I called for urgent Government action yesterday after new figures revealed that 37% of children in Easington are living in poverty.

A Westminster Hall debate was held on Monday afternoon in response to e-petition 554276, relating to child food poverty. The petition was signed by over 1.1 million people, including 904 in Easington.

I attended a virtual briefing last Thursday organised by the End Child Poverty Coalition and North East Child Poverty Commission after shocking new data published last week revealed that, in the three years before the Covid-19 pandemic, the North East had the second highest rate of child poverty in the UK at an average of 37%.

This is just behind London at 38%, and compared with a UK average of 31%.

The data means that 11 children and young people in a classroom of 30 in the North East are living in poverty.

The North East saw the UK’s biggest increase in child poverty from 2014/15 to 2019/20. It rose by over a third from 26% to 37% – meaning that it has risen from just below the UK average to the second highest of any region, after London. One third of this overall increase came between 2018/19 and 2019/20.

Of the 20 Parliamentary constituencies across the UK with the highest increases in child poverty rates from 2014/15 to 2019/20, more than four fifths are in the North East.

County Durham saw a 10.5% increase in child poverty between 2014/15 and 2019/20.
County Durham saw a 10.5% increase in child poverty between 2014/15 and 2019/20.
Easington saw a 10.7% increase in child poverty between 2014/15 and 2019/20
Easington saw a 10.7% increase in child poverty between 2014/15 and 2019/20

In my speech, I paid tribute to the sterling work of organisations such the East Durham Trust, for stepping in where the Government and its agencies continue to fail. I condemned the situation where organisations are being forced to ‘paper over the cracks of government and its agencies failing to do their job.’

I said, ‘This is the defining issue of our time. It’s not some happenstance that so many children have been driven into poverty. This is a result of direct Government policies. It’s deliberate policies of this Government to close Sure Start Centres, to deprive local authorities of the means with which to support children, and this is the consequence.’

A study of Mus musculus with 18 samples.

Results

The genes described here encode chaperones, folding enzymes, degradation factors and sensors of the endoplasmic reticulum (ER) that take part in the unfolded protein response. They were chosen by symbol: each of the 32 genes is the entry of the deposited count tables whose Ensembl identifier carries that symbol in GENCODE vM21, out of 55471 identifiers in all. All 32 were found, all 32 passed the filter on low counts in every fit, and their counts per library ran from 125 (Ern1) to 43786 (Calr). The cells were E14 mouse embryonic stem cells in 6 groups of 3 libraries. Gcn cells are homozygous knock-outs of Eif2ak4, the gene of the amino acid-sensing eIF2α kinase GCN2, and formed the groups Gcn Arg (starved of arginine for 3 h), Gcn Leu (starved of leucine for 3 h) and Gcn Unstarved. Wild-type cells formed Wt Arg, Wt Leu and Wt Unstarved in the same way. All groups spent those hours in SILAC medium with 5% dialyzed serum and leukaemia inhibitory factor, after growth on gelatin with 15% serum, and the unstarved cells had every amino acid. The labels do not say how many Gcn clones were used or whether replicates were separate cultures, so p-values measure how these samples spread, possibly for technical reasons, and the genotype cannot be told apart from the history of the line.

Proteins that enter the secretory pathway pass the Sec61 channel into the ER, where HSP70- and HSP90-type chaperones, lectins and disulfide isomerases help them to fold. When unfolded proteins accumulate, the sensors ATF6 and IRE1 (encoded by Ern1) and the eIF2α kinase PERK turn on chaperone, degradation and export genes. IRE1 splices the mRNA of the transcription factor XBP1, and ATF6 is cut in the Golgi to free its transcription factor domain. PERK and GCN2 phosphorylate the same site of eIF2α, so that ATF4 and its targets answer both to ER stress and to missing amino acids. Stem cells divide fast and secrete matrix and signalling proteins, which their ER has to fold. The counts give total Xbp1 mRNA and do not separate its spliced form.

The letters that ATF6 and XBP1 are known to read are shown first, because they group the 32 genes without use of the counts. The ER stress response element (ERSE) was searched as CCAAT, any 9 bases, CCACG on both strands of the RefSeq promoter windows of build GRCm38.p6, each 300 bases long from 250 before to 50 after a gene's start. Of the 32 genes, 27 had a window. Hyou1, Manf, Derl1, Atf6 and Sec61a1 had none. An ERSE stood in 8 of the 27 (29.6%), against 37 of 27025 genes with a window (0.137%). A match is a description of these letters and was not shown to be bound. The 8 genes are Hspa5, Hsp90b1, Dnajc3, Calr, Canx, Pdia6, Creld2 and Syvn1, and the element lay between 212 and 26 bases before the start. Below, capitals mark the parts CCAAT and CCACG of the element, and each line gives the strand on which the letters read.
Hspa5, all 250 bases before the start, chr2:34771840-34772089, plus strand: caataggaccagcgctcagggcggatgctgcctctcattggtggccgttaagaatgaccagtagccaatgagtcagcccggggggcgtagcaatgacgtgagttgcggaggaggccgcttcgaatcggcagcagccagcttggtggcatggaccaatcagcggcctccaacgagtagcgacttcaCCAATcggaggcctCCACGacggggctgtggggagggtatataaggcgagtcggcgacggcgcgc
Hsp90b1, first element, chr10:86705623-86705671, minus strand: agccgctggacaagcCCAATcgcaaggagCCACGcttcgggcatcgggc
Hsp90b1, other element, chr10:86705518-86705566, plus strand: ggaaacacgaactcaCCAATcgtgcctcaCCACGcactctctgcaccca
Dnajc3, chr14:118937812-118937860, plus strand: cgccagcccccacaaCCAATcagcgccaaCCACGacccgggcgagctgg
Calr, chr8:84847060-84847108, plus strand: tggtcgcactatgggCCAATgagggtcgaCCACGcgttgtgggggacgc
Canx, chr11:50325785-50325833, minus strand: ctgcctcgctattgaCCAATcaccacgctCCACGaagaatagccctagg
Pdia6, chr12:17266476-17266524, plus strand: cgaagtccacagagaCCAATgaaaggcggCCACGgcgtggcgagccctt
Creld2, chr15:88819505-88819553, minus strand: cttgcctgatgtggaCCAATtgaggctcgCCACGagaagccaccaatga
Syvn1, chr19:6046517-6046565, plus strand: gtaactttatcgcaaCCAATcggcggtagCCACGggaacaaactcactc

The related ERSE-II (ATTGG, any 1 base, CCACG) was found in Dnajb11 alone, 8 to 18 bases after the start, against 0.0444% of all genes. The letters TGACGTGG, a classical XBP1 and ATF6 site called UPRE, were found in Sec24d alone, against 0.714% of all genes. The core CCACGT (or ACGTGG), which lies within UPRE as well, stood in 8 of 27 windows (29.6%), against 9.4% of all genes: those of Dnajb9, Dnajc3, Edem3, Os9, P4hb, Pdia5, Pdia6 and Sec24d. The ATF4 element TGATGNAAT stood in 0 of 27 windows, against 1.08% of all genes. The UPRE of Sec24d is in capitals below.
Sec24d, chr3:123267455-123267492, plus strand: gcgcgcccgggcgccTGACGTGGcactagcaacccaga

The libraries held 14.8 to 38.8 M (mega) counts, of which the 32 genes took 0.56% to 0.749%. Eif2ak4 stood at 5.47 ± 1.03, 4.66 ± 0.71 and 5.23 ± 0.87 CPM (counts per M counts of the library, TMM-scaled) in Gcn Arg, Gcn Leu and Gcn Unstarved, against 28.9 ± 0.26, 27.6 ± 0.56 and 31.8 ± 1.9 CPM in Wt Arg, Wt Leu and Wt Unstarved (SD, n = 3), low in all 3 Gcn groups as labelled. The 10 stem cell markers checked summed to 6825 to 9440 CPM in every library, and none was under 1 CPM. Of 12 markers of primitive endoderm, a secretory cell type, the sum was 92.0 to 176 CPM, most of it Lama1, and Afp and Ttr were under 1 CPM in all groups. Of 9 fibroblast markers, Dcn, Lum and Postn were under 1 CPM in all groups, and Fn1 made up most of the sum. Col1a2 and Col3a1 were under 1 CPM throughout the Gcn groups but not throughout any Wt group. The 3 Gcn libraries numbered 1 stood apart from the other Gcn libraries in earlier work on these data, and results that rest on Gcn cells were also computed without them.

I also expressed my support for the Right to Food Campaign, and praised the work of footballer Marcus Rashford in bringing the issue to the Government’s attention. I fully support the three recommendations from the National Food Strategy to expand access to Free School Meals, provide meals and activities during the holidays to stop holiday hunger and increase the value of and expand the Healthy Start scheme.

It is particularly worrying that the figures published last week cover the period 2014/15 to 2019/20 and therefore still do not take account of the devastating impact of the Covid-19 pandemic.

The figures make clear that – even before family incomes were devastated by Covid-19 – the North East urgently needed a new, comprehensive, credible Government strategy to end child poverty. The pandemic has made this more pressing than ever before.

I called on the Government to support children by boosting child-focussed support, such as Child Benefit, which has lost 23% of its value since 2010.

I also mentioned Unite the Union’s campaign to urge Government to reverse the planned £20 per week cut to Universal Credit to help struggling families, and insisted that this must also include extending the £20 per week uplift in Universal Credit to those in receipt of legacy benefits.

Finally, given the findings of recent joint briefings from the End Child Poverty Coalition on free school meals with Child Poverty Action Group and Children North East – which calculated that 1 in 4 schoolchildren living in poverty in the North East aren’t currently eligible for free school meals – I called on Government to extend free school meals to all families in receipt of Universal Credit/equivalent benefits, and to those with no recourse to public funds.